How to Get Sick in Spain

First of all, let me say that I absolutely love the Spanish people. Everybody here is so friendly and so open, it’s wonderful. They are just the best.

I am starting to learn, though, that the Spanish have some strange ideas that seem to be ingrained into their collective psyche. For example, they believe that being cold makes you sick. Not in the American “you’ll catch a cold going out like that!” way, but in a serious, “why aren’t you wearing your slippers? You might get sick if your feet get cold!” kind of way.

Every time the temperature drops below 80 degrees here, people start to bundle up, I’m assuming so that they can avoid getting sick. I’m talking winter coats and scarves here — they take being warm seriously.

Today, I met a friend of mine — Ruben from the pub — on the street. It was about 75 degrees and raining a bit, and I was wearing jeans, a thick sweater and a scarf. He pulled at the sleeve of my sweater, concerned, and said, “That’s all you’re wearing? Where’s your coat? You never wear enough clothing, you’re going to get sick if you keep up like this!”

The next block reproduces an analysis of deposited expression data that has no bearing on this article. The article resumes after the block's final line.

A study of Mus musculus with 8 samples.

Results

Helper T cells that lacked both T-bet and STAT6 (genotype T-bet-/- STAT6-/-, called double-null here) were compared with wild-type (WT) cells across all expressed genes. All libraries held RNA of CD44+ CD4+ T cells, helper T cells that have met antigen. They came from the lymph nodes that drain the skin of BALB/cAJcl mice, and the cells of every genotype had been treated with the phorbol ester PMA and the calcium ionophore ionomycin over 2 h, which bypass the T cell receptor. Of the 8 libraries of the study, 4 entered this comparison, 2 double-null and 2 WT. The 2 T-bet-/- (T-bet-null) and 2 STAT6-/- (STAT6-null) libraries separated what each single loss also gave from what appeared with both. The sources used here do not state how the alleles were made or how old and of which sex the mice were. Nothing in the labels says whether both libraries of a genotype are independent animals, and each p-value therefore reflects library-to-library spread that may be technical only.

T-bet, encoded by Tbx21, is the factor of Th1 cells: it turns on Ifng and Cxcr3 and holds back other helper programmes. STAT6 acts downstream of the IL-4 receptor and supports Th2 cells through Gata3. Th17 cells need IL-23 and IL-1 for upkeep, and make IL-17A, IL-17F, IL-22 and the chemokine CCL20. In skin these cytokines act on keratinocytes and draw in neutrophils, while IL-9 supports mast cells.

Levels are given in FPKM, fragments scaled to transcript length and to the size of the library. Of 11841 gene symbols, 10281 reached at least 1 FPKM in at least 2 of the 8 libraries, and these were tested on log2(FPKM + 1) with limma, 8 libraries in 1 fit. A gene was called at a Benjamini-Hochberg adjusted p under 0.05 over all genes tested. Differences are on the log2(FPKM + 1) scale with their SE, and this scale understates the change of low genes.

“Uh, I don’t think I’m going to get sick,” I told him.ย 

He just shook his head. “You don’t care about getting sick? Crazy girl.”

I dunno, maybe it’s just me, but I really don’t think that’s how the immune system works.ย 


  1. Poppy says:

    When we were host parents for our “Mexican daughters” many years ago they to believed this. They would not drink cold milk. You would get sick. But, they would not turn down ice cream. It’s a strange world out there Helen!